Mexico has a comprehensive legal and statutory Immigration Policy affecting Mexicans and foreign nationals.
This guide gives an overview of the Mexican immigration system and outlines the principal visas and options open to persons seeking to visit Mexico for leisure, business, for retirement, for living and working, as well as those seeking permanent residence in Mexico or Mexican Citizenship.
What is Mexico’s Immigration Policy?
Mexico’s General Law of Population sets out the rights and obligations of foreigners, as well as the different statuses associated with foreign immigration.
Types of Immigrant Permits
There are two kinds of immigration permit: Non-Immigrant and Immigrant:
Non Immigrant Permits are for people who intend to visit Mexico for a specific purpose and then depart;
Immigrant Permits are for people who wish to gain long term permanent residence in Mexico.
Applying for Mexican Visas
You may apply for your visa(s) in person, or you may hire a representative to advise you, make the application on your behalf and do all of the paperwork. See Immigration Lawyers for more details.
Please Note: The information on this page is intended as a summary of basic principles and immigration procedures in Mexico. For detailed information contact an immigration lawyer or download the Mexico Immigration Guide eBook
What are the Non-Immigrant Visas?
There are various classifications of Non-Immigrant visitors to Mexico – the main ones are listed below.
Vistante – Vistitor Permit for Short Term Visits
The ‘Visitante’ permit is intended for visitors, usually tourists and business visitors, to Mexico on short term (six months or less) visits. For trips of longer than six months, a non-immigrant or immigrant visa should be considered
Visitor’s permits are issued when you arrive in Mexico (by air, or travel inland by road beyond the ‘free border zone’) by completing a Forma Migratoria Multiple (FMM) – these forms are issued by airlines and are also available at ports of entry. The visitor permit is valid for up to 180 days and cannot be renewed. Upon its expiry you will need to leave the country*. There is a fee of about US$20 for this permit, which is usually included in the price if your flight (under taxes and fees). If you arrive by road or ship, and travel beyond the border zone, you will have to pay for this permit separately.
*The exception to this rule is if you have close family relatives (parents, spouse, children in Mexico) or you apply for residency for humanitarian reasons: in these circumstances a visitor’s permit can be exchanged for a resident visa.
Visa de Residente Temporal – Temporary Resident Visa
Mexico operates what is known as a Temporary Resident Visa, intended for people who wish to live in Mexico for more than 6 months and not longer than 4 years. The Temporary Resident Visa is a renewable long term (more than six months) permit which gives non-immigrant temporary residency status to the holder. The visa can be issued for 1, 2, 3 or 4 years (max), can give work permissions, allows unlimited entries to and exits from Mexico. This means that it gives a person the right to live in Mexico for up to 4 years under terms as set out in the visa.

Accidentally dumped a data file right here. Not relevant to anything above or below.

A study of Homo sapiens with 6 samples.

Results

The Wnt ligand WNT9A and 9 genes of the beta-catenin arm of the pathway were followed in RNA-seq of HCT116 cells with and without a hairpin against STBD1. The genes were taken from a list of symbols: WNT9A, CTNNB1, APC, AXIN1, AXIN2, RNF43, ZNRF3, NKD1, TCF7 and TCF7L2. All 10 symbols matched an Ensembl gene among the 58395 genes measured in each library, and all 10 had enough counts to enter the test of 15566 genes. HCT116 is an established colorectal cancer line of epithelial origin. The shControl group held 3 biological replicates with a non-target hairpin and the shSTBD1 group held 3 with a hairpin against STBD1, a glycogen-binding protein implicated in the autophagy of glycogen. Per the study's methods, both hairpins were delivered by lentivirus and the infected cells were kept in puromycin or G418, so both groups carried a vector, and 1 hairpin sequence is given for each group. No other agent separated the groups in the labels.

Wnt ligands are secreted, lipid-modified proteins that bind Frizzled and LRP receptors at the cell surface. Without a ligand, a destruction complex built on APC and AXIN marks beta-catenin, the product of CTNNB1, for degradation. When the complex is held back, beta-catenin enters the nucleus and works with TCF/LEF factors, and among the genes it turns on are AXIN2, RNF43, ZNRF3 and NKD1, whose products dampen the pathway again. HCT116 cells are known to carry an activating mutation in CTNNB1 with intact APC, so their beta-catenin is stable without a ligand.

There are various categories under which Resident Visa visas are granted, and these relate to the activities you intend to undertake while in Mexico. Under the terms of the Temporary Resident Visa, you are authorized to only undertake certain, specific activities which may be lucrative or non-lucrative, depending on the visa’s classification.
One of the criteria that the Mexican authorities require for the issuance of a Temporary Resident Visa is that the applicant prove that they have ‘sufficient funds to sustain themselves while in Mexico’ and/or a proven steady income. The financial requirements have been tightened-up following the introduction of the new immigration law that was enacted in 2012.
With few exceptions, the Temporary Resident Visa cannot be issued in Mexico; you must apply in your home country of residence. This is a change to the old regime, where Visitor Permits could previously be exchanged for Resident Visas if the person(s) fulfilled the criteria. There are two exceptions to this if you are currently hold a Visitor’s Visa and want to exchange it for a residency visa without having to return to your home country: 1) if you have close family in Mexico, and; 2) if you apply for residency on humanitarian grounds, then you are able to change your status from visitor to resident without leaving Mexico.
When applied for from overseas, the Temporary Visa itself is not issued by foreign consulates. Instead, they process and pre-approve the application and when you arrive in Mexico you have to register at your local immigration office within 30 days and acquire the Visa (a plastic card) in Mexico.
Once applied for and granted, the Temporary Resident Visa may issued for up to 4 years (or yearly, with annual renewals required in Mexico) and after this four year period, it cannot be renewed: at the end of the four year period you must apply for a Permanent Resident Visa or leave the country.